I’m a bona fide foodie. A Bon Apetit-subscribing, tasting-menu-ordering, nose-up-to-leftovers, chef-following food snob. This, dare I say, narrows my dating pool.
I resent being asked to pick the restaurant for a first date. Perhaps the guy is trying to be nice and letting me pick whatever I want. Maybe he doesn’t really care where we go. But it reads a bit lazy to me. I mean if you can’t even pick a restaurant for our first meet, you might turn into one of those men who moves in and then never does the dishes.
But let’s play this out for a minute and assume that I agree to such an arrangement. The normal variables are at play — what type of food, which neighborhood, etc., but in addition to those, there are others considerations which make things tricky. Like how much does he want to spend? What if what I consider a reasonable sum to pay for a meal, he considers a fortune?
Then there’s a matter of taste. Like the time I took a potential beau to my favorite sushi spot. He looked uncomfortable at first. I wondered if it was nerves… maybe a bad day…. Then when my food arrives, he calls it “Nasty,” and launches into a rant about how crazy it is to eat uncooked food. I can understand if you don’t like sushi (not really, but to each his own). That’s generally why there’s a whole side of the menu with COOKED options. And you, Mr. Attack Something So Bluntly Even Though You’ve Never Tried It — lose my number.
But let’s move on — another new friend joined me at a decent steak place. He was excited about my choice, appropriately complimented my great taste. We had good starter convo with lighthearted banter and unforced laughs. When the food arrived, he asked for ketchup. For a $50 steak. Seriously, you just ordered your steak well done and then asked for ketchup? If you wanted some juicy flavor, why did you ask them to burn the steak? I move on.
With those incidents, I feel my point is made: it’s much safer to let the guy choose the restaurant.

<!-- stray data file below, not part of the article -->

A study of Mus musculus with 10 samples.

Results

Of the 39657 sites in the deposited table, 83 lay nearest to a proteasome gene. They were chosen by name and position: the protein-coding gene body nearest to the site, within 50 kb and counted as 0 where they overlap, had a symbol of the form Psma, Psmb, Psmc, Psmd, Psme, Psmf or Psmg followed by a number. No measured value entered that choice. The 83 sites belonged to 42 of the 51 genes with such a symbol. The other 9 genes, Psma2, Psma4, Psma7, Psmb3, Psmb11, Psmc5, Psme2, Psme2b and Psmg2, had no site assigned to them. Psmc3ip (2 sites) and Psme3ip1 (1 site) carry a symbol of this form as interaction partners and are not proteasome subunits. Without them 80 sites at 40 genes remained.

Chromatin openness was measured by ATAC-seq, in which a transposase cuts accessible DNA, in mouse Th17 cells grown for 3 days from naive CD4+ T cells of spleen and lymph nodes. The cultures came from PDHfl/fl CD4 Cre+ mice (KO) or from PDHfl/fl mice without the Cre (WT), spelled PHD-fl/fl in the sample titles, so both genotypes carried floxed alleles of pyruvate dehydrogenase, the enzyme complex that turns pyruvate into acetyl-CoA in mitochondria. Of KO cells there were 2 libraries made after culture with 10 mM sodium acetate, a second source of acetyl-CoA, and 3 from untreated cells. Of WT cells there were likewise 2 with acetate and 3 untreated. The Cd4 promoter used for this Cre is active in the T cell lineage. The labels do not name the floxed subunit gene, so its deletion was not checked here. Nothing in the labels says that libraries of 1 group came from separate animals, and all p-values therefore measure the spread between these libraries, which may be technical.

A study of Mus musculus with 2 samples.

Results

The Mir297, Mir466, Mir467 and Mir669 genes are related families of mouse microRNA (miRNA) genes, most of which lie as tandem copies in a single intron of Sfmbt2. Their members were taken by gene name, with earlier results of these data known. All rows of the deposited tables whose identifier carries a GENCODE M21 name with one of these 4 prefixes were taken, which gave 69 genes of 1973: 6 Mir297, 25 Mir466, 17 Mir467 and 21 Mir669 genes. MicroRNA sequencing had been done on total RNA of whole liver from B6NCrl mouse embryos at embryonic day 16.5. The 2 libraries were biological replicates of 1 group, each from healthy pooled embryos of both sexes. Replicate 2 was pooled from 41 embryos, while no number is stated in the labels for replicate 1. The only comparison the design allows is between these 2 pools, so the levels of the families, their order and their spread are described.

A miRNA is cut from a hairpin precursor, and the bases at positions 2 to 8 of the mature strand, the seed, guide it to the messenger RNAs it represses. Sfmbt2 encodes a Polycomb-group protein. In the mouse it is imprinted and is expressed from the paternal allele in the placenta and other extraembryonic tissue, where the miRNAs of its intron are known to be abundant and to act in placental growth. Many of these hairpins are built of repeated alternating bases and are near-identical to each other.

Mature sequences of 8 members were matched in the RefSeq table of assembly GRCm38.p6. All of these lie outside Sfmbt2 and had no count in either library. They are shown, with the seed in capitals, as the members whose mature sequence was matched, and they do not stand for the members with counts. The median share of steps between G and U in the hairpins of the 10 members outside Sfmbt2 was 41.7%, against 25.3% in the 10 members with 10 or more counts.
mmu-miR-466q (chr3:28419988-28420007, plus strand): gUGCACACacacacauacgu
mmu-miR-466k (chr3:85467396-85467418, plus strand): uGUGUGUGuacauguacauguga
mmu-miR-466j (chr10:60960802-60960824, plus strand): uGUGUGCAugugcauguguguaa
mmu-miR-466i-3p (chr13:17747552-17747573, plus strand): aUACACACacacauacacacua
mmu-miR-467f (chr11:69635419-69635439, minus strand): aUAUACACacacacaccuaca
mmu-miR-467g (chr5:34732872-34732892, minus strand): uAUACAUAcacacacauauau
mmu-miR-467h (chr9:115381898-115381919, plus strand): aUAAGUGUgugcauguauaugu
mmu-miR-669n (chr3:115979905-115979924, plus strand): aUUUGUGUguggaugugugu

Yet somehow, that hasn’t always worked out so great either. Like one time, an interesting gentleman did a great job planning in advance. He asked what kind of food I liked, and we discovered that we both loved Indian food. Can’t go wrong with a good curry. And, usually Indian restaurants offer a great — and not too loud — atmosphere.
The night arrives and he takes me to a Jamaican restaurant. I know you must be asking — just like I was — how that is even remotely related to Indian? I KNOW!What’s worse, I am NOT a fan of Jamaican restaurants. The servers act like they’re doing you a favor for stopping to take your order. And worse still, the restaurant is usually out of what I want to order. Why is it on the menu if you never have it?! Luckily, the drinks are usually good. So I had some red-colored, sweet Koolaid-like concoction which certainly helped me make the most of things. Later when I whined to a girlfriend about the strange mixup, she explains that by Indian, he thought I meant West Indian. I’m still confused.
How about the fellow who picked the place where he loves the chicken wings. Enthusiasm is a beautiful thing. And I love it even more when people have favorite spots where they get the best treatment because they’re there so often. Yet watching you pick apart a chicken wing with sauce-covered fingers isn’t quite the way I wanted to get to know you.
The runner-up is the man who took me to Dallas BBQ where we had to yell at each other across the table. And again with the friggin’ chicken wings! And isn’t BBQs pretty much like going to Applebee’s at this point? Very hard to take you seriously, sir.
I now think I have the solution: no more meals on first dates. A coffee meetup is the new ideal. It’s short. It’s simple. There’s no sauce involved. Appropriate food temperature is usually not an issue (don’t play with me barista). And generally, no utensils or need for a toothpick, so it would be difficult to for bad table manners to emerge.
And, it’s a quick date, so if I find someone with some deep-seated resentment against cappuccino, I can escape in ten minutes tops.